The key to a joyful December? Celebrate Advent
December is “high-stakes.”
In 2014 CNBC reported that the average American planned to spend $765 on Christmas gifts. That’s just what we planned to spend. Odds are good that the actual number crept higher. But the dollar figure is only one factor. During this season, we take time off work and travel to spend precious time with family and friends. We invest a lot in the run-up to Christmas.
The outcome of this investment varies widely. Some of us find our investment rewarded with the joy of deepened relationships. Others emerge from the season frazzled and frustrated at how hard they worked and how nothing seemed to go as expected.
As usual, our faith can put us on the right path. The key? Celebrate Advent.
My favorite memory of the anticipation of Christmas comes from when I was about 10 years old lying under the Christmas tree — I loved lying with my head under the tree and looking up into the branches. My parents were getting dinner ready. Handel’s Messiah was playing on the stereo. I had the dog lying next to me and all was right with the world.
I loved, and still love, the days before Christmas because there is something incredibly beautiful in the joyful anticipation involved. Friends and family tell me similar stories about how the best memories of the season are usually the beautiful little things experienced with the people they love.
This experience aligns well with our faith’s understanding of the advent of Christ. In his book Jesus of Nazareth: The Infancy Narratives, Pope Benedict XVI contrasts the annunciations of John the Baptist and Jesus. John’s father, Zechariah, a priest, receives the good news about John in Jerusalem, in the Temple, during the liturgy, a place where we would expect a great announcement. Meanwhile, God makes the most important announcement in a place we would not expect, to an unknown young woman in an unknown small town, illustrating that, as Pope Benedict puts it, “The sign of the new Covenant is humility, hiddenness — the sign of the mustard-seed. The Son of God comes in lowliness.”
Herein lies the secret to enjoying this time of year. Give the Christ Child space to enter our lives in unexpected ways. He wants in, but he is not going to force his way in. If we fill every moment of this season with anxious striving to make everything perfect, we will miss how Jesus wants to use this time to enrich our lives and our relationships.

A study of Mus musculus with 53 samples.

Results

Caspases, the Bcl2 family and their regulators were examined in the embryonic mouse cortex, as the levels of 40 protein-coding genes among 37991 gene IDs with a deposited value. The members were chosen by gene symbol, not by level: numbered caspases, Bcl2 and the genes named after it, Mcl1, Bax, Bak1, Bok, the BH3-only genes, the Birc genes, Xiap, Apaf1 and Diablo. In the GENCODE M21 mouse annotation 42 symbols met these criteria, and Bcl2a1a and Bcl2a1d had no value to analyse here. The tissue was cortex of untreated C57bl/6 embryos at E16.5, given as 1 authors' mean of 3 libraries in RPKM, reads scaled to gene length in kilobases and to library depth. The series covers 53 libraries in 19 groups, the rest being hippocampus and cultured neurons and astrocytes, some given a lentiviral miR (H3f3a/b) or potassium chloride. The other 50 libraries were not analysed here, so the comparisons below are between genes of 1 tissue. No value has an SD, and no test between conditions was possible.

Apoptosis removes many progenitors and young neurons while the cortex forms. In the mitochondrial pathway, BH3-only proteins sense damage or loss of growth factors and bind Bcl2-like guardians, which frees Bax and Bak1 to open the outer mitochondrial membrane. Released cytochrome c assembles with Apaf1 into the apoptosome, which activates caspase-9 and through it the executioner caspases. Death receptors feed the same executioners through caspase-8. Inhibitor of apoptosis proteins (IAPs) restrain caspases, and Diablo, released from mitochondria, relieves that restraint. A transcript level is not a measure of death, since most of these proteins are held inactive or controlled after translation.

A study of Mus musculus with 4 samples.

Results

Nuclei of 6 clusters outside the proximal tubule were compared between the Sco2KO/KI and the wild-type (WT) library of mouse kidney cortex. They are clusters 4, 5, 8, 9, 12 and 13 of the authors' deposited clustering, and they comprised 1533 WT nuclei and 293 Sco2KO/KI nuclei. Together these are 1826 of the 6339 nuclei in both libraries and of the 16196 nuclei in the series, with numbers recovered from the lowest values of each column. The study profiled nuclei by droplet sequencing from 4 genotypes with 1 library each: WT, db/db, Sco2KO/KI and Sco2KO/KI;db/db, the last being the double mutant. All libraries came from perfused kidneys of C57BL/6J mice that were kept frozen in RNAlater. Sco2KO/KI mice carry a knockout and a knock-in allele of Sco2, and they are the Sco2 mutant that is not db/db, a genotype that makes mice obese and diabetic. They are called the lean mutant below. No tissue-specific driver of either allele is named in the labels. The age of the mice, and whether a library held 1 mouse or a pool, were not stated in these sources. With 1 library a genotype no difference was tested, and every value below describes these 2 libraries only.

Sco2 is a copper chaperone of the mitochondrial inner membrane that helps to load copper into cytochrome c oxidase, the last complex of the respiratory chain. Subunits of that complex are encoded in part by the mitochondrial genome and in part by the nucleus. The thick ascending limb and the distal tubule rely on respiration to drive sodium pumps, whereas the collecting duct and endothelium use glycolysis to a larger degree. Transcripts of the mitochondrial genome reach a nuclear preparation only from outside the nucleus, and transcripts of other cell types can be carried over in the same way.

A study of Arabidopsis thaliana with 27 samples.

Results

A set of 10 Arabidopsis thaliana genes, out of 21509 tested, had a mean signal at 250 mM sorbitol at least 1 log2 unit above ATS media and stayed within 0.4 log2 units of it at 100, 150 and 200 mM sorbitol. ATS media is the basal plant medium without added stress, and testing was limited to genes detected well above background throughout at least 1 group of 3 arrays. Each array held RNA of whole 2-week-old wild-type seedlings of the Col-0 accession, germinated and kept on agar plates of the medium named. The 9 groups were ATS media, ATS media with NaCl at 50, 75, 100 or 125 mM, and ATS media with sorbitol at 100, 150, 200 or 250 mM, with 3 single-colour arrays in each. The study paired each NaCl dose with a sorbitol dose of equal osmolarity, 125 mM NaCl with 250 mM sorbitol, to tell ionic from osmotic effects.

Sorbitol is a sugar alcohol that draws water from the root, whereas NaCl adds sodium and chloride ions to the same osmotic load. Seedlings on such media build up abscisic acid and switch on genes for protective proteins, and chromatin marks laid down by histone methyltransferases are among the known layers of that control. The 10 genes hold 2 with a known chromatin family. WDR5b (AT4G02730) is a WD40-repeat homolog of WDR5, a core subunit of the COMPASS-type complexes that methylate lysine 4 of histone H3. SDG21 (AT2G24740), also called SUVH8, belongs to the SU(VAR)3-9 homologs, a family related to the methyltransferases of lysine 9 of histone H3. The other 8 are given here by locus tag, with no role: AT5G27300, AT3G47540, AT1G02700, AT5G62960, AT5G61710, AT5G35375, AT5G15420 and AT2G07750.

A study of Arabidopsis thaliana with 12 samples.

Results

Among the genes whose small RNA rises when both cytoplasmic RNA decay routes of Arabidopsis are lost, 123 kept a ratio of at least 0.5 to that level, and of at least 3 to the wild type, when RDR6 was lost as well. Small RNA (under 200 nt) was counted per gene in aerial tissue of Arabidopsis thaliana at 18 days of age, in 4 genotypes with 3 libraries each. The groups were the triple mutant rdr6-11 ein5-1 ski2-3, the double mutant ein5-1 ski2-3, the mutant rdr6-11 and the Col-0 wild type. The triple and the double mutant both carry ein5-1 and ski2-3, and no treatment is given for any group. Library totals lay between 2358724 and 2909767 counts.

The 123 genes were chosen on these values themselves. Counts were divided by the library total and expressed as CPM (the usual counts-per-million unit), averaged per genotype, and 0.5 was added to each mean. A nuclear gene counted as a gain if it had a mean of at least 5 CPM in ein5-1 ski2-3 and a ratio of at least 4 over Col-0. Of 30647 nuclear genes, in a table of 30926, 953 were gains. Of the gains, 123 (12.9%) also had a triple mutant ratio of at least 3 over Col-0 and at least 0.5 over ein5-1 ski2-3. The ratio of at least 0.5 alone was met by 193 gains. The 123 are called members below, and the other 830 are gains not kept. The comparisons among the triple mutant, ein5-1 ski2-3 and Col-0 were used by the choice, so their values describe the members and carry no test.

This is why our priests are preaching homilies asking us to celebrate Advent — a time of hopeful waiting. If we shift our focus from what we can buy or do to make the season special to how we can welcome Jesus into our lives, we will be pleasantly surprised. Some suggestions:
Ask for help. Prayer is the first step. Ask our Lord in prayer to bring us closer to our loved ones.
Turn off electronic entertainment after dinner. This will provide time to prepare with your family. Bake cookies, write Christmas cards and wrap gifts.
Go “old school” with decorations. Rather than buy new decorations, use old decorations and tell your kids the story behind the decoration.
Give a note of thanks for co-workers. Each workplace has its etiquette regarding gifts, but odds are good that a sincere thank-you note for co-workers will be more appreciated than a gift.
Use music. Everyone has their own taste, but Christmas music inspired by faith is a great way to reinforce the message. Handel’s Messiah and Paul Hillier’s Home to Thanksgiving (18th-century choral) are some of my favorites, but you will no doubt have your own.
Give to the poor. Giving to those in need opens our hearts to receive Christ.
Celebrate Mass and adoration. Nothing will do more to root us in joyful anticipation.
Northwest Catholic - December 2015
Deacon Eric Paige is the Archdiocese of Seattle's executive director for evangelization, formation and discipleship. Contact him at firstname.lastname@example.org.
El Diácono Eric Paige es el Director para el Matrimonio, la Vida familiar y Formación en la Arquidiócesis de Seattle. Pueden contactarle en: email@example.com.